Change of Life Baby

The summer I was nine, I played dolls with Uncle for the last time. It was 1954. Going to the movies cost 50 cents. Telephones were tethered to wires in the wall and long distance calls cost a fortune. Children were raised to be seen, not heard. Nice people did not talk about sex.

Uncle lived at Grandma’s house, which smelled of peanut butter cookies, Grandpa’s cigar smoke, and her old poodle, who suffered from incontinence.  Mother, consumed by the care of my younger brother and baby sister, born two years apart, sent me there often. I slept and played in the basement, where it was dim as a saloon in a John Wayne western. The one window near the basement ceiling was mottled from the lawn sprinkler outside that Grandma said Grandpa never aimed properly. Grandma spent a good deal of her day yelling at Grandpa for his errors. She was a large woman with straight thin lips and eyes that rarely smiled. Mother said Grandma was never the same after 1929 when she lost her new baby to diphtheria. Now they have shots to prevent diphtheria, Mother said.

One night, after Grandma, Grandpa and the dog were asleep, Uncle slipped down the stairs to my basement bedroom to play. Grandma was strict about early bedtimes and we felt daring, breaking the rules.

Uncle and I had played together since we were innocents, his seven years my senior qualified him as a cool older brother. Uncle’s four brothers and sisters, including my mother, were at least eighteen years older than he was. Mother once remarked to my father that Uncle was Grandma’s change -of-life-baby. I had no idea what she meant, but I knew that Grandma and Grandpa were old to have a boy of sixteen. That June, Uncle went around the house singing “Rock Around the Clock,” while beating the rhythm on chair backs and door jambs with the one drum stick he carried.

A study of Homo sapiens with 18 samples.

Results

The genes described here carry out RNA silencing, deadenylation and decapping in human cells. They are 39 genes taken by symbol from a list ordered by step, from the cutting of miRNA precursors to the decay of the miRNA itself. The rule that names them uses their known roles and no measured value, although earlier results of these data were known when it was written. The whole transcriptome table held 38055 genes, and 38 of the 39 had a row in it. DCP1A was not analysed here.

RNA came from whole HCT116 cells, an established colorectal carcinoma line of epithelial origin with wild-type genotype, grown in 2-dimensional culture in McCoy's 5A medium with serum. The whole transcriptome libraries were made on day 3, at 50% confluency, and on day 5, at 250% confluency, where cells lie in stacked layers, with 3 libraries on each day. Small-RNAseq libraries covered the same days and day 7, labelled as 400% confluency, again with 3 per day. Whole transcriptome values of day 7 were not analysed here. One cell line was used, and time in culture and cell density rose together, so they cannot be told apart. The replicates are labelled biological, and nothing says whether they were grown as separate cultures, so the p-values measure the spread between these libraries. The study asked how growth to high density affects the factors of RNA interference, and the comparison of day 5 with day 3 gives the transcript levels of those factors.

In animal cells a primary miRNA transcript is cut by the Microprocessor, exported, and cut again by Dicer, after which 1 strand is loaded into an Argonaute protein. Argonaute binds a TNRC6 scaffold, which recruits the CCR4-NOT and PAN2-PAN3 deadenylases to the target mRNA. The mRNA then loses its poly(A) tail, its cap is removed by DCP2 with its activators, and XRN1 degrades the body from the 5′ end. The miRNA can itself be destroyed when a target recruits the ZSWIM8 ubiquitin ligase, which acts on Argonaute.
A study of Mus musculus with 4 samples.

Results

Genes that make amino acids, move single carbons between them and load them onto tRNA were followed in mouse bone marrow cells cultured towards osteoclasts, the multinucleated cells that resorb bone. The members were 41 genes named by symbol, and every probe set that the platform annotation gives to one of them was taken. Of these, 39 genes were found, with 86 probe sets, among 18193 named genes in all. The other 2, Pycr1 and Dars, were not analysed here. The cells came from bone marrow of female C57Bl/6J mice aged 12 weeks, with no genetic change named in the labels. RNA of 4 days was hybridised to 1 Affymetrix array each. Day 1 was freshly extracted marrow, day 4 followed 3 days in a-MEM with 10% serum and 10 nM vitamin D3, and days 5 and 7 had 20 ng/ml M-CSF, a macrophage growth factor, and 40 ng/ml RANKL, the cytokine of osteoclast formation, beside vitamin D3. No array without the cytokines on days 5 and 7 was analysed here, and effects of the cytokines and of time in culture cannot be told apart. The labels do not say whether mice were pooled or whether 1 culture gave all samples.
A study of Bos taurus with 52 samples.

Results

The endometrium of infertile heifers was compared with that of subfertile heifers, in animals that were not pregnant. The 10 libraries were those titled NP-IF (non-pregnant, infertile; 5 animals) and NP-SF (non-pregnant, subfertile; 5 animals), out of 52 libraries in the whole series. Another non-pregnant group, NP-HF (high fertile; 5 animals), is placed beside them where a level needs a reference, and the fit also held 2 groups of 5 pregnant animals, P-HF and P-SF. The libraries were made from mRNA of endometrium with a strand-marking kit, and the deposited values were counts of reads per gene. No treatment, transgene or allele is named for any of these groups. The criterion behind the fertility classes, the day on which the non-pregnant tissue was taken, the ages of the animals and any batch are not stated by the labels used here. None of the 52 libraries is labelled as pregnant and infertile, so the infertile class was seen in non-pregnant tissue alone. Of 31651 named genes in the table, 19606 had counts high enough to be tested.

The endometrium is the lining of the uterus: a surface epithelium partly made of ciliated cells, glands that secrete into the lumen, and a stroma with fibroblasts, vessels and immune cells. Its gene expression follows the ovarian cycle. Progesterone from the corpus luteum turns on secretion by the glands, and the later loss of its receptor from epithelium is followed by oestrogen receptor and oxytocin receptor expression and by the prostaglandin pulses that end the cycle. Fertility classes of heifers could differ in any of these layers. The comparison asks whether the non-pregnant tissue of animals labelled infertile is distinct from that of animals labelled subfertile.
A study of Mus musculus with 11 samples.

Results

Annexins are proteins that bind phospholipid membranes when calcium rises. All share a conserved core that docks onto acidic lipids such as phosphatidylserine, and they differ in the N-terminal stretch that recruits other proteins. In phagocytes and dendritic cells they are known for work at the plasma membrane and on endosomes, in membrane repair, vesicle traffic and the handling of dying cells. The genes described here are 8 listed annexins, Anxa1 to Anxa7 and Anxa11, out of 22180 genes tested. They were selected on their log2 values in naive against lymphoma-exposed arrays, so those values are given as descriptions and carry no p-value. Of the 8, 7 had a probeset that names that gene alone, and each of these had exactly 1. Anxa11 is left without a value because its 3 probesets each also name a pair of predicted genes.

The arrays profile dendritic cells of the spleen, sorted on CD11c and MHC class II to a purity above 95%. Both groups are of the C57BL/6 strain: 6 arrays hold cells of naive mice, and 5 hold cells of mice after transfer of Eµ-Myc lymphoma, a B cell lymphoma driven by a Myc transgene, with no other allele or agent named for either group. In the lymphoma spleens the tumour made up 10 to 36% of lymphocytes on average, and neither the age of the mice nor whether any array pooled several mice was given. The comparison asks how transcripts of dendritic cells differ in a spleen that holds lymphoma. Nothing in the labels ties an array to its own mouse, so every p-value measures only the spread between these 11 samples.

The doll we played with that night had fully jointed arms and legs and a movable soft vinyl head. We called her Baby. I took off her blue cotton dress, panties, and shoes and tucked her naked doll body inside my flannel nightgown, next to my belly, pretending the bulge was a live baby growing inside me. Uncle reached under the gown between my legs and slid her down my legs and out onto the sheets, helping her to be born. I had begun to develop two pointed nipples and I liked the sensations, squeezing the doll between my legs. I knew no words to describe what I was doing.

I did not think about what Uncle was feeling beyond playing doctor. In those days, before iPhones and Internet, a boy of sixteen could remain naïve. Uncle was tall and blond, with no whiskers on his cheeks; I am certain he had yet to be kissed by any girl who put her tongue in his mouth. He hated school and his grades were low, so to keep him out of trouble Grandma sent him off to band camp where he learned to play trombone. Sixty-three years later, at his memorial service, over two hundred people showed up to honor him as a band leader, teacher and original composer.

But all that happened much later, after Grandma found us.

The poodle had made a mess in the night and the smell of urine woke her up. Hearing our whispers, Grandma came downstairs, turned on the ceiling light and in its glare she stared at the doll on the sheets between my feet. Uncle said goodnight and scrambled upstairs to his room. Grandma turned off the light and left.

Very soon after this Uncle was spirited off to band camp, and we never played dolls again. 

I didn’t think about our interrupted play until years later when I had my own daughter. I believe Grandma saved both our lives. Sometimes it’s just one moment when children turn in a wrong direction, lost forever.

Toward the end of his life I visited Uncle at the memory unit of his retirement home. He recognized me, but he could not remember my name. The last time we said goodbye, he hugged me in the same loving way he had held me in my childhood. He was still humming the old songs. He drummed the beat with his fingers.